What is ACES?

ACES stands for Academy Color Encoding Science. ACES is a free, open, device independent colour management and image interchange system developed by scientists, engineers and end users under the Academy of Motion Picture Arts and Sciences. To simplify, ACES is a combination of functions that work together to provide an effective colour management solution.

How does ACES work?

ACES is based on the use of IDTs, RRTs and ODTs.

IDTs (Input Device Transforms) are camera specific transforms created by the camera manufacturer that translate the image from its original colour space to the ACES colour space.

RRTs (Reference Rendering Transform) is a transform controlled by the ACES committee and is intended to be the universal standard for transforming images from their scene referred values to high dynamic range output referred values. The RRT is where the images are rendered but not optimised for any one output format.

ODTs (Output Device Transforms) are transforms that maps the high dynamic range output of the RRT to display referred values for specific colour spaces and display devices. Like IDTs each ODT is specifically designed for each target i.e. Rec 709, Rec 2020 or P3. The ACES RRT and ODT work together like a display LUT or output LUT.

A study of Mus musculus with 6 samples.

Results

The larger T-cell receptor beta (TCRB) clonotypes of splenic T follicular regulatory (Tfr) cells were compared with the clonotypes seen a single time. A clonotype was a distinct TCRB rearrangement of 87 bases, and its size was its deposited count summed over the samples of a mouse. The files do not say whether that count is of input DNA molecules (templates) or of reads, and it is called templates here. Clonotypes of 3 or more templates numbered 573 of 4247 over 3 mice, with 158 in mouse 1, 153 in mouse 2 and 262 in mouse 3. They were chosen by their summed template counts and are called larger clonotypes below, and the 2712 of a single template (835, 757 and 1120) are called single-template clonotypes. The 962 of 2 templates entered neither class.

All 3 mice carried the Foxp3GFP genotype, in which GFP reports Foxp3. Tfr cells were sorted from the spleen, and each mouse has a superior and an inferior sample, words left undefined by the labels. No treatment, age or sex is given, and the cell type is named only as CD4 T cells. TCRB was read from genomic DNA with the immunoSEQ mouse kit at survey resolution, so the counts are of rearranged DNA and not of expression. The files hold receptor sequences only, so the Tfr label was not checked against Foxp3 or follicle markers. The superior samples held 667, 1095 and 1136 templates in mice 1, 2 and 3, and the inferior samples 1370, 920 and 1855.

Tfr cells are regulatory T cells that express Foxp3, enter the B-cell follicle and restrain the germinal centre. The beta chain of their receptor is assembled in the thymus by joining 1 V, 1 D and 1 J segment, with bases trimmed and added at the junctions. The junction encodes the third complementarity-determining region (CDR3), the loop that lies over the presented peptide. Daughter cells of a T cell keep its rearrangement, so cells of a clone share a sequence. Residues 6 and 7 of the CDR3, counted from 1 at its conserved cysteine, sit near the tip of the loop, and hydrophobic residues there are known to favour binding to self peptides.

What are the benefits of ACES?

ACES simplifies the interchange of imagery by using a standardised colour space. By having every application use the same regulated specification, it eliminates uncertainty between on set looks and downstream colour correction. As an example, if you were handing off a project or working on a round trip where you were sending files from the colourist to your VFX team and back, they would traditionally need to use a variety of LUTs to correctly be able to visualise how the final image would look. If the colourist and VFX team are all working in ACES, they can simply apply the same IDT.

ACES also preserves the full range of highlights, shadows and colours captured in the image throughout post-production so there’s no danger of clipping any detail! It can also simplify matching images from different cameras by converting them all into ACES and then out to your desired deliverable space.

Another advantage of ACES is that it is a fantastic way to archive files and projects. As ACES is standardised, you can reopen your project and not have to scramble to find the LUT or transform that was used for that specific project.

ACEScc and ACEScct

ACEScc applies a standard Cineon-style log encoding to the ACES data before it is processed. This common encoding makes it possible for ASC CDL values to be used across systems using the same ACEScc encoding. After processing a reverse encoding is applied in order to output ACES linear data.

ACEScct is a variation of ACEScc that adds a roll off to the toe of the image that differs from the encoding of ACEScc. This makes lift operations “feel” more like they do with film scans and LogC encoded images. This makes it easier to raise the darkest values and get milky shadows. After processing a reverse encoding is applied in order to output ACES linear data.